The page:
January 14, 2010
HSUS Becomes Steak ‘n Shake Shareholder
As part of its efforts encouraging Steak 'n Shake (NYSE: SNS) to implement the types of basic animal welfare changes many of its competitors have made, The Humane Society of the United States announced Thursday that it has purchased stock in the restaurant chain.
The HSUS intends to use its stockholder position to move the company toward moving away from eggs from caged hens, pork from crated pigs, and poultry from producers that use a particularly cruel but standard method of slaughter that involves shackling fully-conscious birds upside down and running them through electrified water before cutting their throats.
"Steak 'n Shake's complete lack of meaningful movement on animal welfare puts the company at odds with its competition and public opposition to farm animal abuse," stated Matthew Prescott, corporate outreach director for The HSUS's factory farming campaign. "As a shareholder, The HSUS hopes to work with the company on making meaningful animal welfare reforms to benefit animals and shareholders alike."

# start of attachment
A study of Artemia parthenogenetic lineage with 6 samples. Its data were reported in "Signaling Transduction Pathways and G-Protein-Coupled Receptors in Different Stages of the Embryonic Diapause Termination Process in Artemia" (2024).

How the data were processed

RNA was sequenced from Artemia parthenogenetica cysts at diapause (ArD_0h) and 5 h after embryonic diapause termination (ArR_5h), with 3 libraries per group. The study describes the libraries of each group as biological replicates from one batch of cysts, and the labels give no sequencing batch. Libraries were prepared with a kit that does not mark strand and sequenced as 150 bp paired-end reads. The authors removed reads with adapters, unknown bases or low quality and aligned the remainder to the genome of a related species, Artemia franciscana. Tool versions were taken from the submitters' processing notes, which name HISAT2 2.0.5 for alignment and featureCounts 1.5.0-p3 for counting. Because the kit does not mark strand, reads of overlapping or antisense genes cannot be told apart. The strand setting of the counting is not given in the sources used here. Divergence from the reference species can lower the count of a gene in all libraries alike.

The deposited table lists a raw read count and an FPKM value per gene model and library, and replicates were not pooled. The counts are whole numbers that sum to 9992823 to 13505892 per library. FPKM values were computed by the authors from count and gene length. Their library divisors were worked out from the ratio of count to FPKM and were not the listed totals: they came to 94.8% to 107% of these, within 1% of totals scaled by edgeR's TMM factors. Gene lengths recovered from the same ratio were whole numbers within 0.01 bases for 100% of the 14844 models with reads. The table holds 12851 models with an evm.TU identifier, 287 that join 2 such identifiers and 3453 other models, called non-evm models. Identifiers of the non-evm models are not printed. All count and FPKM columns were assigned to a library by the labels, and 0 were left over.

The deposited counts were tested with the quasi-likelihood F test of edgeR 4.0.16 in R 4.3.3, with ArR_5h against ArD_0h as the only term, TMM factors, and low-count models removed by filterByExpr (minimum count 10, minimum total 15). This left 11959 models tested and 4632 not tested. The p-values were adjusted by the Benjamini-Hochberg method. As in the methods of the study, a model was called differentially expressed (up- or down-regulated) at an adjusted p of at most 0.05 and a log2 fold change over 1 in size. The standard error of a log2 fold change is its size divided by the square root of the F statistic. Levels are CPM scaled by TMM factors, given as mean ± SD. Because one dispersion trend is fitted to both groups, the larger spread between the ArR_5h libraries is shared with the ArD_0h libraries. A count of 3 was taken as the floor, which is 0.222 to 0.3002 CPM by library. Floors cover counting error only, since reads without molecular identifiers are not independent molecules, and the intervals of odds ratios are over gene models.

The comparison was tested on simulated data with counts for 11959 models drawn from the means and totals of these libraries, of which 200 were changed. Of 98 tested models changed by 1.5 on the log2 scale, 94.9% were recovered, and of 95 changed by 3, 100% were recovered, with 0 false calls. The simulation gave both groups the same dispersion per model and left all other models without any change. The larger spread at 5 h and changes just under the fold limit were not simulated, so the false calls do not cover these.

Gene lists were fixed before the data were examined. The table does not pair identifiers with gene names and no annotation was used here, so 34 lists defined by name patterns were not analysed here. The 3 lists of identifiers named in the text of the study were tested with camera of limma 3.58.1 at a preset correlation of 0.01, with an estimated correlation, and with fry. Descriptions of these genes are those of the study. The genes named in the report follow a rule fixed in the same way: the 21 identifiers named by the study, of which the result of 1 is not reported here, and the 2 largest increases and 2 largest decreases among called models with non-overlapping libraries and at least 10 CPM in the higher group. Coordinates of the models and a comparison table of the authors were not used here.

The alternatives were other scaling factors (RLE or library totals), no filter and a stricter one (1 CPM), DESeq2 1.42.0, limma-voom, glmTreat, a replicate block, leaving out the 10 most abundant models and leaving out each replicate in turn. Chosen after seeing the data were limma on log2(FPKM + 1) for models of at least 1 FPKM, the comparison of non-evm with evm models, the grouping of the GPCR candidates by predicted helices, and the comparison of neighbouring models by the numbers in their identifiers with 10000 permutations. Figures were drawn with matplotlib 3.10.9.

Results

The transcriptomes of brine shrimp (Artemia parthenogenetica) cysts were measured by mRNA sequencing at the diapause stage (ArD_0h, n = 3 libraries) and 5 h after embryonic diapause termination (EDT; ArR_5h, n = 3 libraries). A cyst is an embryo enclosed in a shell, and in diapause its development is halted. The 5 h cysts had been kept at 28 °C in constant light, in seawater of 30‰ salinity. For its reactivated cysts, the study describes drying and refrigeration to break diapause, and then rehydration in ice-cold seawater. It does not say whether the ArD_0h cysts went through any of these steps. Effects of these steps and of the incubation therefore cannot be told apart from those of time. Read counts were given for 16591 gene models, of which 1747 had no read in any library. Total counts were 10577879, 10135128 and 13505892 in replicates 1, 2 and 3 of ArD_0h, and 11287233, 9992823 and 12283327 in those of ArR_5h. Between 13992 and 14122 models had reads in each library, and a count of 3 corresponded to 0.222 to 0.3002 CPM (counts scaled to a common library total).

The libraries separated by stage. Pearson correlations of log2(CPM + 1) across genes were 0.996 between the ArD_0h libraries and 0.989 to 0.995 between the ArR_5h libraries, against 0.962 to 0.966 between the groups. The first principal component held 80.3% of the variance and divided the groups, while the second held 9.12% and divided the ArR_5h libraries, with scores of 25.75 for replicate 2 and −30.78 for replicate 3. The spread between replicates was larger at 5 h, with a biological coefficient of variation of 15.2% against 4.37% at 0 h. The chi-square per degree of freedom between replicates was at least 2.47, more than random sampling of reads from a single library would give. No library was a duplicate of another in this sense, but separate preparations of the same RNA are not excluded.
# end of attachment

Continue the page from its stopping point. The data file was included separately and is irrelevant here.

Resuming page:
National restaurant chains—including Burger King, Red Robin, Wendy's, Quiznos, Denny's, Hardee's and Carl's Jr.—have already created policies to move away from supporting some of the worst abuses of farm animals. Many supermarket chains have taken similar steps, including Harris Teeter, Winn-Dixie, Trader Joe's, Whole Foods and Safeway.
Indianapolis-based Steak 'n Shake has 500 restaurants in 20 states.
- Food industry consulting firm Technomic found that animal welfare is the third-most important social issue to American restaurant patrons, outranking the environment.
- About 95 percent of egg-laying hens and 70 percent of breeding sows in the United States are confined in cages and crates so small the animals can barely move for their entire lives. Extensive scientific research confirms this causes suffering.
- Controlled-atmosphere killing has been shown to reduce suffering during poultry slaughter, and it is currently used to slaughter roughly 75 percent of turkeys and 35 percent of chickens in the United Kingdom. Seven U.S. turkey slaughterhouses use the method.
- Seven states, including most recently California and Michigan, have passed laws to phase out the extreme confinement of certain farm animals.
- Studies have shown that not confining animals in cages or crates, and that using CAK, may also improve food safety.